So here's my favourite quote from the federal budget. It's just so darned golly:
"Ten years from now, our towns and cities will be more connected, our air and water will be cleaner, our kids will receive better care, and our neighbourhoods will be more livable. And to give everyone a real and fair chance at success, more Canadians will have access to an affordable and dignified place to raise their family."
Someone's praying, Lord…..
Okay, that was a snark.
But really. Ten years from now, everything will for sure be better and nicer and somehow, through the miracle of income redistribution, there'll be affordable and dignified places to raise families in, say, Vancouver or Toronto? Really?
A little something for everyone
Read on in the document, and you'll discover other happy things. LGBTQ2 people (the government now uses the extended version) will be more protected by this government. Respect between Canadians and Indigenous people is deepening and will deepen further. The government is paying close attention to how its spending affects women. Cities will be encouraged to compete in something called the "smart city challenge." Canada will be even more of a "beacon of diversity, openness and generosity" to the world, our soldiers out there keeping the peace and making it safer for the most vulnerable.
And of course, Canada's "middle class, and those who are working so hard to join it" will be better off.
Parliamentary reporters take wolfish delight in that famously annoying talking point. Finance Minister Bill Morneau, a great lover of talking points, tossed it out twice in just the first 13 sentences of his speech.
And no one seems to know what it actually means, which may be its genius. In the space of 10 minutes Wednesday, government officials and experts I asked came up with four answers:
Any household with a family income of less than $150,000
Any household with a family income between $27,000 and $118,000.
Anyone making more than the bottom 20 per cent of the population or less than the top 20 per cent.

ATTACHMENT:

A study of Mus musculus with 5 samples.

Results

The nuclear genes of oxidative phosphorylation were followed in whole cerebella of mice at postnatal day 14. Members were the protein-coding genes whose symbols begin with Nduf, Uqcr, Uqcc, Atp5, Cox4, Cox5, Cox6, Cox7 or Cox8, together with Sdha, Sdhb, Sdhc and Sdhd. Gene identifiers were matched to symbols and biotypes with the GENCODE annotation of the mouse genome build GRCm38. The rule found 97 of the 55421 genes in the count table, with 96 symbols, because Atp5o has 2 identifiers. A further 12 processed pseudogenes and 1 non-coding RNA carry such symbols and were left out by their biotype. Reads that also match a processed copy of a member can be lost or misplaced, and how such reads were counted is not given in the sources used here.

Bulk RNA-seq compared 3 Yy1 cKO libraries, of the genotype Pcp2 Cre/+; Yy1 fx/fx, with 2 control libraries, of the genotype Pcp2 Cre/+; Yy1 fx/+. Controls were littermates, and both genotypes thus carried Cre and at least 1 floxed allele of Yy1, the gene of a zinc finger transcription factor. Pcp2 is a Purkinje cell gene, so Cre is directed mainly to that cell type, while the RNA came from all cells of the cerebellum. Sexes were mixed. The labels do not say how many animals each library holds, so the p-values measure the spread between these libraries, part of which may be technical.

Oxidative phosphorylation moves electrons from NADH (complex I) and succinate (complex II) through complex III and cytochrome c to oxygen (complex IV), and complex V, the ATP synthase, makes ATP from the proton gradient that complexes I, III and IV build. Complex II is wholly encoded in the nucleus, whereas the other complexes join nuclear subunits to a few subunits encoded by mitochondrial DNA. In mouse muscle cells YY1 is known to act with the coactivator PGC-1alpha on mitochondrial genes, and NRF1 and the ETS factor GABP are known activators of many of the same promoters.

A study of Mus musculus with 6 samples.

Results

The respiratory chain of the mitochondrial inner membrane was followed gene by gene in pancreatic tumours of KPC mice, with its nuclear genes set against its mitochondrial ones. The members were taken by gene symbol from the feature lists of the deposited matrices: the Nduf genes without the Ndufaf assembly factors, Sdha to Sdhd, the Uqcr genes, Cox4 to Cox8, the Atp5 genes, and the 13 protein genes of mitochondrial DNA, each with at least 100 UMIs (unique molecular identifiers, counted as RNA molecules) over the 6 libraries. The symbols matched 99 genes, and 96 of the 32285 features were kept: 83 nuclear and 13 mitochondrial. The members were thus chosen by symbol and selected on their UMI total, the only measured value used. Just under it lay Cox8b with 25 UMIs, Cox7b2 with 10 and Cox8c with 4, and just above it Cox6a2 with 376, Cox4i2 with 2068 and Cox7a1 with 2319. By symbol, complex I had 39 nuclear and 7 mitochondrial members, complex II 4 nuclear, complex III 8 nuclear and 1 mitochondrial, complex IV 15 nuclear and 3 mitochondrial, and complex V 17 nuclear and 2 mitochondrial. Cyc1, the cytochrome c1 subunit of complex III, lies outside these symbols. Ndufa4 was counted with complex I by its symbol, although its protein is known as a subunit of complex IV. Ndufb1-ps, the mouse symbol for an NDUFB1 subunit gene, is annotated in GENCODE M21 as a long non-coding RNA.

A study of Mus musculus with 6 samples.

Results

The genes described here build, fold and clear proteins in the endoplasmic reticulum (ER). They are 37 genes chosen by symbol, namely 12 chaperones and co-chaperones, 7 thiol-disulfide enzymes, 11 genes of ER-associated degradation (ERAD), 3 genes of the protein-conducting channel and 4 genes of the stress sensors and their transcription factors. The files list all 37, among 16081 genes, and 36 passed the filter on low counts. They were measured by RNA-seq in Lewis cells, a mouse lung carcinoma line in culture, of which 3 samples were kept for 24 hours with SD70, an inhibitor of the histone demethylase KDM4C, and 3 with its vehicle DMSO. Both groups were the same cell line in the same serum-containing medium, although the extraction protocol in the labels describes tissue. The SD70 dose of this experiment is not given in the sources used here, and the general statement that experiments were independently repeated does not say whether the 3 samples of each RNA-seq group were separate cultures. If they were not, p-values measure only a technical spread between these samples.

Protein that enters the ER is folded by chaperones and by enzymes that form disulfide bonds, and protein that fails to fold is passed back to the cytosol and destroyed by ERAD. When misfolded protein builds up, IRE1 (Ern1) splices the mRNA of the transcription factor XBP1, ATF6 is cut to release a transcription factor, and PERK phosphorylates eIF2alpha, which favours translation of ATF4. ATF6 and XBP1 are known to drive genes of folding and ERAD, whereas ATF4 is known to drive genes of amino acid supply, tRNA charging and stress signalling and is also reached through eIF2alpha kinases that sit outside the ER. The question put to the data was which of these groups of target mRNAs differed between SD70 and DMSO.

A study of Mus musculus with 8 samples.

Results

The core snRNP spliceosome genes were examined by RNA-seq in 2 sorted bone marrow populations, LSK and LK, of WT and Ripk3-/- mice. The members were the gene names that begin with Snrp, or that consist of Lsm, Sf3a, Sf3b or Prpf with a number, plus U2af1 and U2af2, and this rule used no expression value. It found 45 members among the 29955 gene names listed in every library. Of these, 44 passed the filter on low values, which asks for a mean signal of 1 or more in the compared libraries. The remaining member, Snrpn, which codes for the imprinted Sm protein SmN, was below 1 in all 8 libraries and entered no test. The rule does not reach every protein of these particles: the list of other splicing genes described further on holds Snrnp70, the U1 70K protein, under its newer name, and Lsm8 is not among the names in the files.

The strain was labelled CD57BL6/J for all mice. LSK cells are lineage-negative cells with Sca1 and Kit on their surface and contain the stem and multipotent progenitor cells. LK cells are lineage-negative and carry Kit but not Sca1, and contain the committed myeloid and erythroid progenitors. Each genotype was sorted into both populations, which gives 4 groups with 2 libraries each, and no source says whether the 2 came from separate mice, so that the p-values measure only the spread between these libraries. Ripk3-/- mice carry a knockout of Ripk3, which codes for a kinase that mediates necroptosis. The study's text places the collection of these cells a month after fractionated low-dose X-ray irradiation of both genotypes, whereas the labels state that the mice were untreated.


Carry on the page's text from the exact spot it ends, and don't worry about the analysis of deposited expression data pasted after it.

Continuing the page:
The government doesn't like to define it.
My guess is policy is written around number four. Middle class means whatever you want it to mean. You're middle class if you think you are, and therefore should vote Liberal.
Anyway, all of this to say the budget was mostly gusts of pleasant smelling warm air.
Spending isn't up much, there aren't any big goodies for anybody, the government will increase the debt, but not too much, and there aren't any new taxes to speak of, although the government is considering several, all of which will strengthen the middle class, and those working so hard to join it, by making the rich pay more.
Last year's budget raised income taxes on rich people, but they're a clever bunch, and apparently they're constantly taking advantage of tax laws to pay less taxes, which is also known as "doing your taxes," but which the government thinks is unfair. So it's reviewing the situation and might do something down the road. Say, raise capital gains taxes. Or tax real estate speculation. Or maybe inheritances. Who knows? It's a secretive review.
The problem is, the government also knows it has to be careful about monkeying around too much with the top tax bracket in the age of Donald Trump. Because Trump is turning out to be a bit of a pain for the Trudeau government.
Trudeau likes adding regulations; Trump intends to cut them. Trudeau likes taxing the wealthy more, Trump intends to tax them less. Trudeau likes to add social programs, Trump is subtracting them.
In other words, the United States is likely going to become an even better place to be wealthy. And capital is mobile; rich people — even rich Canadian people — are much more willing and able than regular folks to change their behaviour to avoid taxes. They can move. Or move their money.
And the government needs more of their money to, you know... middle class.
So, best to wait and see what Trump actually does before making the rich pay more of their fair share.
Plus, there's an election in two years, and any sane government hoards money to spread around before the vote. So, no big new spending this year.
Not much of anything, really.
Why the secrecy?
Which brings us to why there was any need to lock up reporters for hours, having required an oath of secrecy, until the minister spoke.
Why not just put this all on the internet? The budget, after all, is not a classified document. It's just a political statement, and this one was pretty banal.
The answer is there needs to be an event. Events are always news. There are network specials, and everyone pays attention to the minister's speech.
Like those American political conventions that go on for days when everybody knows who the nominee is going to be. News is what you think you need to know.